The Newsweek/Washington Post blog called “On Faith” is quickly becoming one of my favorite sources of comedy on the internet. The latest from Anthony M. Stevens-Arroyo who runs the “Catholic America” part of the blog says that Nancy Pelosi is more pro-life than the Catholic League’s Bill Donohue.

Written with a Kmiec-ian logic, Arroyo makes his case:

Nancy Pelosi, the first Catholic woman to be Speaker of the House and Dr. William Donohue spokesman for the Catholic League constitute a Catholic odd couple. It’s not my place to delve into how each relates to God, so I consider both to be Catholics. But ohhhh so different in style!

Ms. Pelosi is soft-spoken, articulate, polite and gentle in her approach to other opinions; Dr. Donohue is not. As head of the Catholic League, Dr. Donohue links his words and political positions by reference to Catholic teaching; Pelosi does not. Pelosi represents a very liberal Democratic district in San Francisco and is second in line for presidential succession. Dr. Donohue, who on more than one occasion has mordantly attacked Democratic Party Liberals, serves a well-financed organization whose logo features a sword. Despite their different perspectives and consistent with their differing jobs, both exemplify diversity in Catholic America.

Oh my gosh, he’s got a symbolic sword and he’s not afraid to use it. Somebody stop him!

Recently, their differences were brought into the public eye with the family planning provision in the Congressional stimulus bill and the Presidential executive order about the Mexico City policy. Pelosi, the Catholic woman, supported family planning funding in the stimulus bill, while Dr. Donohue, the Catholic male, railed against it. (President Obama dropped the measure — proving once again that he is not a mindless pro-abortion ogre.) Gone from the current bill is the provision to provide sex education, counseling on the use of condoms and birth control information. However, the logic here is clear, even if the political strategies are complicated. The principal cause of abortion is unwanted pregnancies. Programs that reduce unwanted pregnancies, therefore, also reduce the likelihood of abortions. Ironically, Ms. Pelosi’s stance was consistent with a desire to reduce abortions, while Dr. Donohue’s opposition was not. Both are thoughtful lay persons using different paths to implement Church teaching against abortion, but come to far different conclusions.

What kind of sick twisted mind could possibly glean from Pelosi’s statements about birth control being good for the economy that she’s at all concerned with bringing down the number of abortions. Wouldn’t an increase in the number of abortions also be good for the economy?

And as far as thinking Obama was a “mindless pro-abortion ogre” – just for the record I’ve never accused him of being mindless.

The Mexico City policy has been a part of political ping-pong for decades now. Republicans impose a ban on U.S. funding of agencies that include abortion information in their programs, while Democrats permit such funds for overseas programs. Looked at superficially, the Democrats oppose Church teaching, while Republicans support it. However, science provides objectivity, making relevant the report from the Guttmacher Institute and the United Nations Population Fund. They estimate that family planning services to some 201 million women overseas would prevent 52 million unintended pregnancies and, therefore, 22 million abortions annually. Spacing of children by Third World women, it is projected, would reduce mortality rates for children under 5 years of age by 17%. AIDS is so wide-spread in Africa that half of 15 year old youth in Zambia will likely die of that disease. This reality led George W. Bush to remove the Mexico City policy restrictions when it came to U.S. HIV/AIDS assistance.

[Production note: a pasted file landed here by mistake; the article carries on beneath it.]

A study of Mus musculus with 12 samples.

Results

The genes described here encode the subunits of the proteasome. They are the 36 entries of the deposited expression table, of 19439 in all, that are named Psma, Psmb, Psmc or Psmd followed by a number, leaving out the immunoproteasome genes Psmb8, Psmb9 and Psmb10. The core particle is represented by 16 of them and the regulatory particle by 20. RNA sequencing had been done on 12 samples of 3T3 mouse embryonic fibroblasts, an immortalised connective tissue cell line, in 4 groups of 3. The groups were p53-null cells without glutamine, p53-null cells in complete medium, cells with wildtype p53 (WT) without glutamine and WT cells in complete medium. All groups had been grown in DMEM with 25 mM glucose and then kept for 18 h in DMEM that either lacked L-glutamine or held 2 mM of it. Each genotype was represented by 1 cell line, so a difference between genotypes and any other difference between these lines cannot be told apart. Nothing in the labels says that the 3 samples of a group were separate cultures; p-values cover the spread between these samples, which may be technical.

Naïveté is not useful here. While it is official Catholic teaching that use of artificial means of birth control with condoms is sinful, there are people of faiths other than Catholicism in the world. Not everyone follows Catholic teaching, and if polls are correct, neither do most Catholics. Moreover, since the 1973 Helms Amendment prevents a single U.S. dollar to be used to fund abortions, no U.N. agency can use our taxpayers’ funds to perform abortions. In sum, Pelosi is entitled to a judgement that abortions can be limited by supporting family planning and reversing the Mexico City policy.

These facts are not reflected in Dr. Donohue’s public condemnation of our new President: “Here we have a black president taking money from the taxpayers in a time of economic crisis and giving it to organizations–many of which are anti-Catholic–so they can spend it on killing non-white babies in Third World nations.” I do not deny Dr. Donohue’s passion as part of Catholic America, but neither would I deny Speaker Pelosi the right to follow her conscience in trying to reduce abortions.

So let me get this straight. Pelosi is pro-life because she wants to fund organizations that provide abortion overseas? And Donohue is bad because he’s against this? Somehow we’re supposed to believe that funding abortion providers saves lives. I’m not getting it.

I think sensible Catholics not in the public eye should avoid odd couple extremes. We should never say: “Whatever Obama wants is great!” but neither should we thoughtlessly respond: “Whatever Obama wants is terrible!”

Finally, for those keeping Pro-Life score, the round goes to Pelosi this week.

I wonder if there’s any way we could have Arroyo declared brain dead using this column as evidence. The only problem with that is once his liberal friends found out he was declared brain dead, bad things would follow. Remember, liberals love to declare people brain dead because then they get to do their favorite thing – kill someone for their own good. Hey, it’ll help the economy.